Are dental professionals properly using PPE?

2021 06 15 15 38 7026 Dentist Ppe Sars Co V 2 400

Are dental healthcare personnel (DHCP) properly using personal protective equipment (PPE)? Researchers used a fluorescent marker to illustrate pathogen transmission and assessed PPE donning and doffing practices among DHCP. The findings were published on September 26 in the Journal of the American Dental Association.

Dental healthcare professionals may have an increased risk of exposure to SARS-CoV-2, the virus that causes COVID-19, and other clinical pathogens. The use of PPE reduces occupational exposure to pathogens when it is properly used.

The dental professionals observed in the study frequently misused PPE when both putting on and removing the gear, according to the findings. The step with the highest frequency of protocol deviations was hand hygiene, with deviations observed in 66% of donning and 78% of doffing observations.

"There is a need for PPE education that targets DHCP specifically," wrote the study authors, led by Kimberly Reske, MPH, of Washington University.

A total of 70 dental professionals participated in the study, which included the use of disposable gowns, gloves, face masks, and eye protection. After participants donned PPE, a fluorescent marker was applied to the palms of their hands and abdomens to represent a potential pathogen. They then removed their PPE. The processes were recorded, areas of fluorescence were evaluated, and the protocol deviations were analyzed.

In addition to hand hygiene errors, deviations were also frequently observed in disposable gown use, with deviations occurring in 63% of donning and 60% of doffing observations. Many of the deviations in gown use were due to putting on or removing the gown in the wrong order. Other common deviations included not properly using the opening for the head, not tying the gown, not using the thumb loops, or putting the gown over the gloves.

However, the study's findings indicate that donning and doffing PPE out of order may not be as important for reducing the risk of self-contamination as the ability to wear PPE properly. While the order of donning and doffing PPE didn't impact self-contamination, other gown doffing deviations were significantly associated with the detection of fluorescence on participants' hands, arms, and scrubs.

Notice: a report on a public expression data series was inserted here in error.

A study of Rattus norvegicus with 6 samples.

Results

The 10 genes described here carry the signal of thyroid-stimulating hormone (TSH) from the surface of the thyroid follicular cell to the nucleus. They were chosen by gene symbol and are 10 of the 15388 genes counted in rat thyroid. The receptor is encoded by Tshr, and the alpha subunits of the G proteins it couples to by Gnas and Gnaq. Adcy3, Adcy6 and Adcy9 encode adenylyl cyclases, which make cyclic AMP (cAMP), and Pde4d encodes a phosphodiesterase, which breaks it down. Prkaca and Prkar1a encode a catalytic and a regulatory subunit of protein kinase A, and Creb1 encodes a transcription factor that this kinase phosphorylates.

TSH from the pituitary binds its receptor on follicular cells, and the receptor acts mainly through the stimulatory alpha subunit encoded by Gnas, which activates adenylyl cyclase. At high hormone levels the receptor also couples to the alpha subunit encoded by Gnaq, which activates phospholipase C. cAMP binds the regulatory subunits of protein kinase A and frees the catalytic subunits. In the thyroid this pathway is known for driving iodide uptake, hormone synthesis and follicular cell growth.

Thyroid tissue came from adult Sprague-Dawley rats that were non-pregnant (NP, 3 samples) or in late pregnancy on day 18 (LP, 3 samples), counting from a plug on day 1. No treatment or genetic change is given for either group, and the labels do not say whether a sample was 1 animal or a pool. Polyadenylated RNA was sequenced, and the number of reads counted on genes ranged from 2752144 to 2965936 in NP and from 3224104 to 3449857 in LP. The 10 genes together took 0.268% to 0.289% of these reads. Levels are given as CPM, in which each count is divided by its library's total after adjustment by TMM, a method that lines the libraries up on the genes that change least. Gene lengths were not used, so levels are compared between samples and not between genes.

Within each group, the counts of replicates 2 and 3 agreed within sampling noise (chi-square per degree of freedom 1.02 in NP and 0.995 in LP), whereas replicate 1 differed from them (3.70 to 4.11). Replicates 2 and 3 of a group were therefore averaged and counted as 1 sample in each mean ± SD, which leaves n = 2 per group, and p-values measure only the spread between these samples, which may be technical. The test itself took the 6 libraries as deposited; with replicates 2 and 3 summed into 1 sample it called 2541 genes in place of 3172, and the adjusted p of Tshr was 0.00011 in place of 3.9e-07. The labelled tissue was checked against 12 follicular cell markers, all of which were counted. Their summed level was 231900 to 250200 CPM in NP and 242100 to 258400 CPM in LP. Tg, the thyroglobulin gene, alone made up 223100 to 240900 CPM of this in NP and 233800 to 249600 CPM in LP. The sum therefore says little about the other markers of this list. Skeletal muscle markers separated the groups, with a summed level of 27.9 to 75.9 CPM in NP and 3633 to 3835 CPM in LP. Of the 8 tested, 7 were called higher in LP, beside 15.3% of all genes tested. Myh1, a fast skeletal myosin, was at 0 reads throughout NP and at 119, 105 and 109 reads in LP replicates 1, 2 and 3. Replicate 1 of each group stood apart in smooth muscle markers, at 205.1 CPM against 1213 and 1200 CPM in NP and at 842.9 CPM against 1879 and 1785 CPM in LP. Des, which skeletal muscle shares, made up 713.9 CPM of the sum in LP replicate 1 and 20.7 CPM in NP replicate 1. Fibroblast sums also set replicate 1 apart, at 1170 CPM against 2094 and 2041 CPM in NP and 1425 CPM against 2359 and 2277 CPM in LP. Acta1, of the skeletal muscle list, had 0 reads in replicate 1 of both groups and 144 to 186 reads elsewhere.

Fluorescence was detected on 69% of dental healthcare personnel after doffing, most frequently on the hands. During doffing, many participants failed to remove and dispose of the gown without contaminating their hands, arms, or scrubs. High numbers of protocol deviations were strongly associated with an increased risk of fluorescence.

Knowing the proper protocols for getting into and out of PPE is crucial for optimal protection against clinical pathogens, the authors noted. However, the U.S. Centers for Disease Control and Prevention's PPE donning and doffing instructions do not include instructions for accommodating specialty equipment worn during oral healthcare, such as loupes or microscopes.

"Professional guidance, educational materials, and training interventions targeted specifically toward dentistry are needed and could have a substantial and positive impact on DHCP," wrote the study's authors.

Although the COVID-19 pandemic was the impetus behind the research, the authors reminded readers that PPE helps prevent more than SARS-CoV-2. PPE is an important tool that can help protect against exposure to pathogens and improve safety when used properly, they wrote.

"It is important to remember that improved infection prevention practices can prevent transmission of many other pathogens as well," Reske and colleagues wrote.